Workshop on Emerging Topics in Cancer Evolution
Motivation and Workshop Goals
Cancer results from an evolutionary process that yields a heterogeneous tumor with distinct subpopulations and varying sets of somatic mutations. Viewing cancer through the lens of evolution is critical to improve our understanding of tumorigenesis and ultimately treatment of cancer. The workshop will focus on algorithms and models of evolutionary processes in cancer. Specifically, we aim to bring together the algorithmically-focused side of the cancer evolution community with the biologically-focused side. Topics could include:
- Reconstruction of the cancer phylogenies based on both bulk and single cell genomic, transcriptomic and epigenomic sequencing data;
- Identification of common evolutionary patterns and trajectories in cancers;
- Inference and deconvolution of mutational signatures of cancers and the associated therapeutic opportunities;
- Inferring selection, patterns of migration, and the impact of neutral evolution on cancer progression and malignancy;
- Adaptive therapies for treating cancer based on evolutionary models; and
- Other topics related to cancer evolution.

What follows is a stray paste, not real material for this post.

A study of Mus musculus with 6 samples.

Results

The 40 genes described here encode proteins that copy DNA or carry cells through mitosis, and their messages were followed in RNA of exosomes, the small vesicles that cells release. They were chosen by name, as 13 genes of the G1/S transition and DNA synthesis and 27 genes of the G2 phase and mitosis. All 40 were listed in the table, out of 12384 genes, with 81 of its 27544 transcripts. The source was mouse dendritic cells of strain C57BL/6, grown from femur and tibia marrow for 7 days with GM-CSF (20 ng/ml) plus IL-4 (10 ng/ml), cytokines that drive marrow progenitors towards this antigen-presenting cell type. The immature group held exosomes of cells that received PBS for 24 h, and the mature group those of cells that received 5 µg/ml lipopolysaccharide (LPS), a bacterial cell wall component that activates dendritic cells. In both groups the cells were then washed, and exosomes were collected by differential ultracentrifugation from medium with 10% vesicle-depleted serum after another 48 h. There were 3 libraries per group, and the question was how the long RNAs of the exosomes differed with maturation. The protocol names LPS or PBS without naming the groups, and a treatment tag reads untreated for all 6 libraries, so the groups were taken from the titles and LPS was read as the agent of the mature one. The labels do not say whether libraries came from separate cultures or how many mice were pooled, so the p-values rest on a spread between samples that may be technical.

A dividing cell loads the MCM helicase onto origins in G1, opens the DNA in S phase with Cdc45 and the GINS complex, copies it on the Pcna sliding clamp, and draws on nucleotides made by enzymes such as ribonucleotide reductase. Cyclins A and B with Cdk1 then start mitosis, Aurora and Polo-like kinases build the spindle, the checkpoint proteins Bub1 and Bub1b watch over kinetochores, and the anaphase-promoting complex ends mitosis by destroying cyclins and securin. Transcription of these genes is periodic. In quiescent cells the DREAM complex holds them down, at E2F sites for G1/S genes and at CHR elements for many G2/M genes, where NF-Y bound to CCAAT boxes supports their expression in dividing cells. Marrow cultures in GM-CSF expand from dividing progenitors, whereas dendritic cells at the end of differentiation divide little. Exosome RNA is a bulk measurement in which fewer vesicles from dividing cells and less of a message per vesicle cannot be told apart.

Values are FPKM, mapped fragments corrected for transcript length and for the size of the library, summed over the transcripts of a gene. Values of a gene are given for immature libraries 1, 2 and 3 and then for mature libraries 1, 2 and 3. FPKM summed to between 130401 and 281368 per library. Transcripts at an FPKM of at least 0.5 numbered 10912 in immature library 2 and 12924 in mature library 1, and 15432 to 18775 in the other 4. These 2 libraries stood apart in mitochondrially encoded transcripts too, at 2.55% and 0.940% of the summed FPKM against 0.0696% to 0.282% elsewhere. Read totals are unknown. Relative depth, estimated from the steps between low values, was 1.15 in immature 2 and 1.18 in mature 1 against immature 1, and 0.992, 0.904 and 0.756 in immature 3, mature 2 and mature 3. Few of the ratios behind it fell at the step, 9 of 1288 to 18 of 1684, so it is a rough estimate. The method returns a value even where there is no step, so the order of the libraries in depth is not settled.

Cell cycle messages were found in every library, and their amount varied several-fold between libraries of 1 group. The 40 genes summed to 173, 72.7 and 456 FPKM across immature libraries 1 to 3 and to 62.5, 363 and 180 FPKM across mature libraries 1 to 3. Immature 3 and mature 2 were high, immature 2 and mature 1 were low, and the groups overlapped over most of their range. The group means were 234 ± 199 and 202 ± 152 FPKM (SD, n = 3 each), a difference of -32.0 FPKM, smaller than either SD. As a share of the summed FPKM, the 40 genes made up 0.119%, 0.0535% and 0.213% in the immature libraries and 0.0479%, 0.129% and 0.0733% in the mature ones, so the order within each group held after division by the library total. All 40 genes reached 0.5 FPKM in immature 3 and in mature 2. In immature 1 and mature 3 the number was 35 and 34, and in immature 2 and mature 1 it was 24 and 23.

- Mohammed El-Kebir is an Assistant Professor of Computer Science at the University of Illinois at Urbana-Champaign. Dr. El-Kebir received his Ph.D. in computer science from CWI / VU University Amsterdam. Dr. El-Kebir is also the recipient of NSF CRII and CAREER Awards. His lab focuses on the development of theory, models and methods for cancer phylogenetics.
- Quaid Morris is a Full Member in the Computational and System Biology program at Memorial Sloan Kettering Cancer Centre and he holds a CCAI chair through the Vector Institute for Artificial Intelligence. He still holds a status-only full professorship in Molecular Genetics and Computer Science at the University of Toronto. Dr Morris received his Ph.D. in Computational Neuroscience from MIT. His lab uses machine learning and artificial intelligence to do biomedical research, focusing on cancer evolution, post-transcriptional regulation, automated phenotyping and electronic medical records.
- Layla Oesper is an Assistant Professor of Computer Science at Carleton College. Dr. Oesper received her B.A. in mathematics from Pomona College and her Sc.M and Ph.D. in Computer Science from Brown University. Dr. Oesper is also the recipient of NSF CRII and CAREER Awards. Her lab focuses on the design of computational methods related to inference and analysis of cancer evolution.
- Cenk Sahinalp is a Senior Investigator at the Cancer Data Science Laboratory in National Cancer Institute, Bethesda, MD. His lab focuses on algorithmic problems in computational cancer biology, including those related to tumor evolution and intratumor heterogeneity.